Thursday, December 20, 2012

More on Theory of Breakage

kw: analysis, lognormal, power law, statistical distributions

I wrote about the statistical distribution of stellar masses nearly four years ago. The Theory of Breakage, as it is classically derived, indicates that random processes which divide an object or area or substance into many parts will tend to produce "pieces" that have a lognormal distribution of the "size" parameter, whether length or volume or mass. Some scholars, following Benoit Mandelbrot, instead posit that random breakage will produce a distribution of "size" that obeys a power law. Here I apply it to a large collection of computer files.

As I close out a 44-year career in the computer sciences, I need to determine which computer files to pass on to my colleagues, and which can be allowed to vanish. I have had some kind of personal computer on my desk for 32 years, and I have certain files from my mainframe days going back another 12 years. As a long-time member of the Elephant Club (Motto: Do not trust a computer you can see over), I share the computer geek's vice of never throwing anything away. I long ago learned that magnetic disk technology was producing file space much faster than anyone could fill it. So I am a kind of hoarder. My house is not cluttered, but my disk drive certainly is!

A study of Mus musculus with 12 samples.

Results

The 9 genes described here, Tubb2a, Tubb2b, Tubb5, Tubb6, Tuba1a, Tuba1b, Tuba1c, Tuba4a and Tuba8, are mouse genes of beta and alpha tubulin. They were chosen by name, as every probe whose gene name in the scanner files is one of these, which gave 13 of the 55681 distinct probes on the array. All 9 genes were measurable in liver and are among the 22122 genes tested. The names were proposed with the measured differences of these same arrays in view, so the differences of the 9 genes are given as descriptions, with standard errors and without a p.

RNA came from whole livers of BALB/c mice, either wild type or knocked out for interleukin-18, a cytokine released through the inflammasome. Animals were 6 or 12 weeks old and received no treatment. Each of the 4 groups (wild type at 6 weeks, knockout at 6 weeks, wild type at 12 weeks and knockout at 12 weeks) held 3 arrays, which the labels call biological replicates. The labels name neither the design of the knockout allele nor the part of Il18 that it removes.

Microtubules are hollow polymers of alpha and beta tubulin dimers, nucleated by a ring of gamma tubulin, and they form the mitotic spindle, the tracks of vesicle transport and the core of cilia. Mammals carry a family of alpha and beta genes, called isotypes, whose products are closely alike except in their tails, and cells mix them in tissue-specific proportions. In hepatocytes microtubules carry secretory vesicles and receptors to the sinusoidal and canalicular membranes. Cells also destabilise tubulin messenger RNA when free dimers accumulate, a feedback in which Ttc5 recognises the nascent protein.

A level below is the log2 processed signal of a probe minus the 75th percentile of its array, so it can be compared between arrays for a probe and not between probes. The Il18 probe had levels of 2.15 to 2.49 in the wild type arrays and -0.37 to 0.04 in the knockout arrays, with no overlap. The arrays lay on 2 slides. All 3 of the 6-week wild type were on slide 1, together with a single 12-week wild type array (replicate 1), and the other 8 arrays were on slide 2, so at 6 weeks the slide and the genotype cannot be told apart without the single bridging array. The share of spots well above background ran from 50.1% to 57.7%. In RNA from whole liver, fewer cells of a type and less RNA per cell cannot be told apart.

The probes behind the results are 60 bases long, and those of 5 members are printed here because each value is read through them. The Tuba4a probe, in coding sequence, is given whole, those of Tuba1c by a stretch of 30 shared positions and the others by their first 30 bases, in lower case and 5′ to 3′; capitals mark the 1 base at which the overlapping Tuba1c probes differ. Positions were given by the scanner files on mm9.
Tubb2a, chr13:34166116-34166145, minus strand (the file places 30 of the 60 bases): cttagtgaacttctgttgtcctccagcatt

I used a DOS command (how few folks even know how to do so!) to gather a complete file and folder listing for the Work disk. The entire corpus came to 35,309 files with an aggregate size of 18 Gbytes. Of this, the Project data consists of 8,297 files that total 8 Gbytes. This Project data are those files directly related to paid work. The rest is support materials and other files kept for historical reasons, such as a great many FORTRAN, Pascal and Perl program source code files that I call my "algorithm collection", presentation files in PowerPoint and older formats such as Framework (by Lotus), spreadsheets (Excel, 1-2-3 and Quattro), flow charts and other drawings in Visio and older tools, plus images, videos and sound files.

With a little bit of fiddling around, I produced two lists of file sizes, and analyzed them two ways. This first chart is a Power Law analysis:

Keep in mind that the "Proj. Files" are included in "All Files". The strongly curved shape of these distributions is diagnostic that they do not follow a Power Law, but are more likely to follow a Lognormal distribution. If you simply project the slope of the upper quarter or third, to the "1" line, you see that it would require trillions of files to extend the line (I estimate 20 trillion for the blue line). By contrast, here is a Lognormal analysis:

In this presentation, it is evident that the distribution is very nearly lognormal. I have no explanation for the few departures from linearity, and they don't really need "explaining", anyway. I simply find it fascinating that these thousands of items, some written, others downloaded or generated by many methods and processes over four decades, should result in such a distribution.